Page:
The Guide to WordPress Password Security

Last updated on June 26th, 2020 by Robert Abela. Filed under WordPress Security

Strong WordPress password security with policies

Weak passwords are one of the biggest threats that put the security of a WordPress site at risk.

As an internet user, or if you guest author on a WordPress site you are always told to use complex and different password for every website or service you are subscribed to. You also have to change your passwords every few months. And when you are ready logout the session, do not use the remember me setting on websites, and do not save your passwords in the web browser, in case your computer gets hacked.

On top of that you have to remember your friends’ birthdays, do the shopping and all the other things in life. So having a different and complex password for every different website or online service sounds like too much, too difficult, doesn’t it? In reality it is not. This article explains what makes a strong password, how to manage passwords and also how to force strong WordPress password security if you are a site admin.

Password Manager for Your WordPress Sites Passwords

Keepass and 1Password logos

A password manager is a software or online service where you store all your credentials, so you do not have to remember them. You only need to remember one master password to unlock the database or service and access the saved passwords. The advantage of using a password manager is that you can use the most complex passwords, and a different one for every service or site you are subscribed.

There are several different password managers available, all of which have different features. Read password management best practices for WordPress administrators to learn more on passwords managers, their features and how to use them.

Tips for Strong WordPress Password Security

Even if you use a password generator to automatically generate your password, it is always good to know what makes a strong WordPress password, so you can avoid using weak passwords.

The Longer The Password, The Better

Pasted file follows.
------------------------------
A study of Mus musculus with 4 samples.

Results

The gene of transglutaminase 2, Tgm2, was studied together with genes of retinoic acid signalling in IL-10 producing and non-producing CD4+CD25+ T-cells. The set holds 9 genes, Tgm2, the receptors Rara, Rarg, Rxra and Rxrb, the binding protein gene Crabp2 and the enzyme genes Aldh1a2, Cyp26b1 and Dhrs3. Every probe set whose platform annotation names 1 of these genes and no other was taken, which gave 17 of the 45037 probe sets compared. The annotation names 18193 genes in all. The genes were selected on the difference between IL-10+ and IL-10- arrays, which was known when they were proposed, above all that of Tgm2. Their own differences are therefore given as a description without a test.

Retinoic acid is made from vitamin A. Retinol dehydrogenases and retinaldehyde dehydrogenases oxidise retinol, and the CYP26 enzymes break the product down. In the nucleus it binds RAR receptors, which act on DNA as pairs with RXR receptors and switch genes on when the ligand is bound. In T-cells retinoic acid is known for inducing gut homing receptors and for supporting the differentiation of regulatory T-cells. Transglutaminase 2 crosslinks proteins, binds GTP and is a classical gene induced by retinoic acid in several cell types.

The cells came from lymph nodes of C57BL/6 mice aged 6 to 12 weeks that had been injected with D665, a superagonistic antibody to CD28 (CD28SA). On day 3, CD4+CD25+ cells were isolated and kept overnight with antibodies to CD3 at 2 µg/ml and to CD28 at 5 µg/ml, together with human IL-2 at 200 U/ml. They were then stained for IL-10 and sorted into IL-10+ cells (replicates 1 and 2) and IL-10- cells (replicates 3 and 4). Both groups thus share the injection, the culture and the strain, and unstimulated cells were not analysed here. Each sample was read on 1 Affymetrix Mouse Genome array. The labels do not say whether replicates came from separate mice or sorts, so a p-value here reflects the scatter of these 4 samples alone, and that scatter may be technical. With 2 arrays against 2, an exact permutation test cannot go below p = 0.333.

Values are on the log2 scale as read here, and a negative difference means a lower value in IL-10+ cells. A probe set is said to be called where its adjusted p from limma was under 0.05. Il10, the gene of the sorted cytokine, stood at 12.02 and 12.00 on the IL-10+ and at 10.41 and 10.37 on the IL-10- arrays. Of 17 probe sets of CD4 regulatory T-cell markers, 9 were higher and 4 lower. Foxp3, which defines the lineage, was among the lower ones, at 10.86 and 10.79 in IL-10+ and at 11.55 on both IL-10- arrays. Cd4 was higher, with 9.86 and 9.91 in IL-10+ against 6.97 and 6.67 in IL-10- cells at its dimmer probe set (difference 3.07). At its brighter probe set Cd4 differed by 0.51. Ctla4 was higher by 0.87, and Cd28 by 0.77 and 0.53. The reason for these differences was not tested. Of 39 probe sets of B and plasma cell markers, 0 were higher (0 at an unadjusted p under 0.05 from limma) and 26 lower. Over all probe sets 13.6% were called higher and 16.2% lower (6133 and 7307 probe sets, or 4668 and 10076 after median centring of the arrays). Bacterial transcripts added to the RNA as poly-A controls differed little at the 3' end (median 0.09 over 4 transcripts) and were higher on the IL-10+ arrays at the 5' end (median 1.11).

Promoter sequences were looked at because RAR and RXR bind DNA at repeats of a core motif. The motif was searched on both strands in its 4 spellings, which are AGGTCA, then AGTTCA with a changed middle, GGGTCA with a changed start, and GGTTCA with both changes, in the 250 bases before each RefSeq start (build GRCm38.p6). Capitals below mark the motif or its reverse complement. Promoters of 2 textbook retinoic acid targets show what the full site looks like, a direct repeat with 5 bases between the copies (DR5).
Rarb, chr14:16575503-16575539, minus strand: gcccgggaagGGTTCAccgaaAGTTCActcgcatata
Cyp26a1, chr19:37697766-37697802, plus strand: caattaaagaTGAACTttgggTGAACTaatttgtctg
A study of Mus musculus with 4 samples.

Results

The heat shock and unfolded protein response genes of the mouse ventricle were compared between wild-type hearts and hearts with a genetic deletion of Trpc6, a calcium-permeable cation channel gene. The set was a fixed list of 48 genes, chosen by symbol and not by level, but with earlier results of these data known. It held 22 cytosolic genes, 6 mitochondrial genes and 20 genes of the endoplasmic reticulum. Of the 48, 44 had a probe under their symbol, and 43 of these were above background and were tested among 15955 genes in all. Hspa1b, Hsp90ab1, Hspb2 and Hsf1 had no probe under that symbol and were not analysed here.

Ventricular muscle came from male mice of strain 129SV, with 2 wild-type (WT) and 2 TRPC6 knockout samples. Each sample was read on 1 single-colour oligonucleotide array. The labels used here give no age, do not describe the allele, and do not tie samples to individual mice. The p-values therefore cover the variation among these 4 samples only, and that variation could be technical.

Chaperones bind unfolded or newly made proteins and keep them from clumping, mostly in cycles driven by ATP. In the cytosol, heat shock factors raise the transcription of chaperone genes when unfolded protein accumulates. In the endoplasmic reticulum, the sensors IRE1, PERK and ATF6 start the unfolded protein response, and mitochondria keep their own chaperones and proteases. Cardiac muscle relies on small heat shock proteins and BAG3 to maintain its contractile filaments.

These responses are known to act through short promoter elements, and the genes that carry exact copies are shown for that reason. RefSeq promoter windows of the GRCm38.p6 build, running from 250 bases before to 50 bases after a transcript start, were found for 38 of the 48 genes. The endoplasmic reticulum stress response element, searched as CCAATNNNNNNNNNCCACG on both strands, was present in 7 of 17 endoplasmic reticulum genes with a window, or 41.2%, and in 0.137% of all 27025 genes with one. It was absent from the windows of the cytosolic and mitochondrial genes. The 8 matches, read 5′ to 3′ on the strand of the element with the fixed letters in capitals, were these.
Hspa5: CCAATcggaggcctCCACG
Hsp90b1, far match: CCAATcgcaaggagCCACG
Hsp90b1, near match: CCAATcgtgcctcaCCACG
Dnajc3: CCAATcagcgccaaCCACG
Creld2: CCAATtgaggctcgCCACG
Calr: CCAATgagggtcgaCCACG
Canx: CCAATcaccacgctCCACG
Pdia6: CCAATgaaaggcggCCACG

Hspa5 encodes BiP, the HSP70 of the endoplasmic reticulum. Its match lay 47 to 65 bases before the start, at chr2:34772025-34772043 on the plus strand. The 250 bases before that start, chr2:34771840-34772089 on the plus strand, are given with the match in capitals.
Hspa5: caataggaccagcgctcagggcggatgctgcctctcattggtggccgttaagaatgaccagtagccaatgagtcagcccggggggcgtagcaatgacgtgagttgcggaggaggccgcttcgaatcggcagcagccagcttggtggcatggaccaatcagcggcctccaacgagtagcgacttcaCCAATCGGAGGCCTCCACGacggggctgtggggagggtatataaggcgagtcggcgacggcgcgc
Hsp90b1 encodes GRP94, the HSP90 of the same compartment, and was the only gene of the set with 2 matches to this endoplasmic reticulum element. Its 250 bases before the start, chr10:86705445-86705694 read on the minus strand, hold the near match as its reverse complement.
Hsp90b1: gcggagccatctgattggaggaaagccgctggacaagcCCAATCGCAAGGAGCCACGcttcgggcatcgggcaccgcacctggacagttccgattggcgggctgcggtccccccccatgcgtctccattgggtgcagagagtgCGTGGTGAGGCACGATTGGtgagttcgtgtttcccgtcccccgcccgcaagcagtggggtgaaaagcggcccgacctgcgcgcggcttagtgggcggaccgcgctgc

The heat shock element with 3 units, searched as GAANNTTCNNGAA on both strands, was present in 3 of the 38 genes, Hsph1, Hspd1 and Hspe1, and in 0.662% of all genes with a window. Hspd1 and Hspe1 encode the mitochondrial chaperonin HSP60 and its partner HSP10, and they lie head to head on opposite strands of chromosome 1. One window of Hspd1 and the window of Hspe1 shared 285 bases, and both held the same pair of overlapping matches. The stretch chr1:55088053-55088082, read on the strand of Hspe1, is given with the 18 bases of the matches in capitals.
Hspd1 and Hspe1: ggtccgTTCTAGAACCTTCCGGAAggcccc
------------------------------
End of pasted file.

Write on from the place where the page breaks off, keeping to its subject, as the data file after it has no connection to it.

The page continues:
Many recommend a minimum length of eight characters for a password. To be on the safe side, at least the password should be ten characters. Any password that is made up from 10 to 50 characters is secure.

Spice It Up

Do not use phrases or known words. Also, do not use any words to which you can be associated with, such as names of pets, cities and friends. Just use random text. Use a mix of lowercase and uppercase letters, symbols and numbers.

Keep It Fresh

Even if you use the strongest of passwords, change it every two or three months. And do not use the same password for two or more services.

Example of Strong Passwords

Below are just some examples of some strong passwords. DO NOT USE these passwords for any of your services or WordPress sites.


Tips for WordPress Administrators & Strong Users Passwords

A weak user password can leave your WordPress site exposed to malicious hacker attacks. WordPress does recommend a strong password to users but as seen in the below screenshot they can, and will use an easier password.

Confirm the use of a weak password in WordPress

So as a WordPress website administrator and owner it is your responsibility to force strong passwords on your WordPress users. You can do so by using WPassword. This plugin allows you to configure the following password policies:

  • password history
  • complexity
  • password age

The plugin is very easy to setup. You can install it and configure the password policies within just a few seconds. Also, read the article how to secure your WordPress login with easy-to-use plugins for more tips on what you can do to further harden the security of your WordPress site.

Enable Two-Factor Authentication

There is no bulletproof WordPress security solution. So the more, the merrier! This means that even if you and your users use very strong passwords, if possible you should also enable two-factor authentication on your WordPress website. You can easily implement 2FA on a WordPress site with a plugin, within just a few minutes. Here is a list of the top Two-Factor Authentication plugins for WordPress.

Bonus – Get Notified When Your Password is Breached!

Even if you take all the necessary precautions the unfortunate can still happen and your site or a service you are subscribed to can get hacked. In such case you need to know as soon as possible so you can change your password. The website owner is obliged to advise you when there is a data breach, though this doesn’t always happen.

Therefore you can to subscribe to Have i been pwned, a free service that alerts you if any of your emails and passwords are identified in data breaches.

There are no more excuses to not using strong passwords. All you need is a password manager and as a WordPress site owner you should force strong passwords on your WordPress users.


Christian 25/09/2018

I’m using WP-OAuth with Google as provider. Maybe worth mentioning as alternative.

Robert Abela 03/10/2018

Thanks for sharing Christian though that plugin hasn’t been updated in more than 3 years, so I wouldn’t recommend it. Try to stick to plugins that are maintained.